The April 2013 Rana Plaza collapse, which resulted in the death of more than 1,125 people working in garment factories in the building, drew widespread attention to hazardous labour conditions in the export garment-manufacturing industry in Bangladesh. Five years later, two international agreements—the Accord on Fire and Building Safety in Bangladesh, and the Alliance for Bangladesh Worker Safety—signed in the aftermath of this tragedy, to monitor and inspect garment factories, have been analysed.
The building is safer, but as workers in the factory we still don’t have any security in our lives … Even if I am on my death bed, they will ask me to fi nish making two more pieces before I die…We are nothing but machines to them. —Factory worker, Ayesha Clothing (Kamat 2016)
On 24 April 2018, it will be fi ve years since the deadliest garment factory accident in history. More than 1,125 people died and 2,000 were injured when an eight-storey building, Rana Plaza, on the outskirts of the capital of Bangladesh, collapsed. The building, which was originally built as a shopping complex, was not meant to serve as a garment factory fi lled to capacity with more than 3,000 workers and their machines. Four storeys had been added to the building without proper permits or documentation. The Dhaka building safety agency, the entity authorised to issue construction permits, simply could not keep up with the explosive growth of the industry over the last few decades. Large cracks in the building had appeared the day before the disaster and, other than the garment factory, all other parts of the building were closed that day. When the garment workers pointed out the cracks to their supervisors, they were reprimanded and told to get back to work, or they would lose their jobs.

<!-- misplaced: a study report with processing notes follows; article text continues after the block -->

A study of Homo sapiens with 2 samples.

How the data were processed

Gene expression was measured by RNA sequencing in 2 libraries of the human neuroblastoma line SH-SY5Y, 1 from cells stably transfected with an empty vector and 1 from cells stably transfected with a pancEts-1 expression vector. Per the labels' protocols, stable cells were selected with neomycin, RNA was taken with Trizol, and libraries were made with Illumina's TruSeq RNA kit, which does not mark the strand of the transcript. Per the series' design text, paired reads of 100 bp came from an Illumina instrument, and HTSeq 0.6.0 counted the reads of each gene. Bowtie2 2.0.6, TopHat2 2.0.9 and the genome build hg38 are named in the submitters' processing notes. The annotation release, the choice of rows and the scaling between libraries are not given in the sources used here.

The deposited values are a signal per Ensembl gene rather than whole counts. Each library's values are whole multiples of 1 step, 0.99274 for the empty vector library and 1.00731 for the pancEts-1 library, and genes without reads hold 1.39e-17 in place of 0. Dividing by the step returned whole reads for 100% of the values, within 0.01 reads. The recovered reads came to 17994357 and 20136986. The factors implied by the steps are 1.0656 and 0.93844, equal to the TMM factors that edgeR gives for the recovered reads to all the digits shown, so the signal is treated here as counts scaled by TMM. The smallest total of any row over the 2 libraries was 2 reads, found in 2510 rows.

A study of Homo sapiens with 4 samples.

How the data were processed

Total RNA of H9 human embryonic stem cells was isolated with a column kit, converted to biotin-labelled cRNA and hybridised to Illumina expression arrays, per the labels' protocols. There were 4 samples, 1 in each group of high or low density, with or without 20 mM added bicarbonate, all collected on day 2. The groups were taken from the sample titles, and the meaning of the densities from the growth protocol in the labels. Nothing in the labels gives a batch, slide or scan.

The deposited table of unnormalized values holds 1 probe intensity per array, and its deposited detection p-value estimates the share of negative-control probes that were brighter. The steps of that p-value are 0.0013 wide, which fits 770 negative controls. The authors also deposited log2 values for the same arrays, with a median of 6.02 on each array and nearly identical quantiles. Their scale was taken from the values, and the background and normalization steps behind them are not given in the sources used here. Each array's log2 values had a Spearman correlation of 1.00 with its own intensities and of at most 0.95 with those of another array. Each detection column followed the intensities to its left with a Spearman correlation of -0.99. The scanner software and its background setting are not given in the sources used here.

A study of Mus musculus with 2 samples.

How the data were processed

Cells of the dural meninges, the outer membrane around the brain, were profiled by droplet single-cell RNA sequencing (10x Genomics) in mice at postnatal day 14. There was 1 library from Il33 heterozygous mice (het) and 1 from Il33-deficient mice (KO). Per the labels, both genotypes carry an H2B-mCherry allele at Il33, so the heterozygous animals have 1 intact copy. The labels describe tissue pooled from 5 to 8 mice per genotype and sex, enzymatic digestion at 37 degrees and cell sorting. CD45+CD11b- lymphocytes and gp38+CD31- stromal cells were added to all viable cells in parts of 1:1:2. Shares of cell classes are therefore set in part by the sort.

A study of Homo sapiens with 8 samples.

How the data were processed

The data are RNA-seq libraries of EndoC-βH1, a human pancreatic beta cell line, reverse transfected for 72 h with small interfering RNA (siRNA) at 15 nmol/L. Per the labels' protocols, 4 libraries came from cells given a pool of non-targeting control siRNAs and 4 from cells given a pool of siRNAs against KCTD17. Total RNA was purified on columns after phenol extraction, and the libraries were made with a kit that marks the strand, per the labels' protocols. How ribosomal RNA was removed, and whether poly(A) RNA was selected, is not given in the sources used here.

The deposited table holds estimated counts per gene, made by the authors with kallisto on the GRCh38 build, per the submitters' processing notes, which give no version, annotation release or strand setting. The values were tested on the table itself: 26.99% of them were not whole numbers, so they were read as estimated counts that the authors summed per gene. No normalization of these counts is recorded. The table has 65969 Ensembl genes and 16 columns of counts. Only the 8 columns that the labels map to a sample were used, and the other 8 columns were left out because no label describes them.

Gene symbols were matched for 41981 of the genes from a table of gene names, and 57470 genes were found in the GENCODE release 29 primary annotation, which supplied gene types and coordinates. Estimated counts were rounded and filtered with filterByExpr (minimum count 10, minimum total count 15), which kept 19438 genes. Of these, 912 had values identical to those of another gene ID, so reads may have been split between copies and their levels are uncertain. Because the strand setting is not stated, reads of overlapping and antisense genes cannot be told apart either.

Two Unique Agreements
In the aftermath of this tragedy, Western companies and brands invested in two organisations designed to strictly monitor and inspect a portion of Bangladesh’s registered factories.1 The Accord on Fire and Building Safety in Bangladesh is an agreement between global unions and over 180 retailers and brands from 20 countries in Europe, North America, Asia, and Australia. The accord is a legally binding agreement where all signatories agree to arbitration, or enforcement of fees can be pursued in their national legal system. Companies commit to sourcing and maintaining purchasing volumes in Bangladesh for fi ve years. The Alliance for Bangladesh Worker Safety is an agreement of 28, mainly United States (US)- based retailers. It is similar to the accord in its mandate, but the agreement is not legally binding, nor are labour groups or unions a part of the alliance.
This move by Western brands has been touted as unprecedented and innovative, and it is important to understand now, fi ve years later, what has been achieved and what still needs to happen to make the industry safer. This is critical because both organisations are due to leave the country over the next few years, although there are discussions that the accord may extend its tenure for another three years.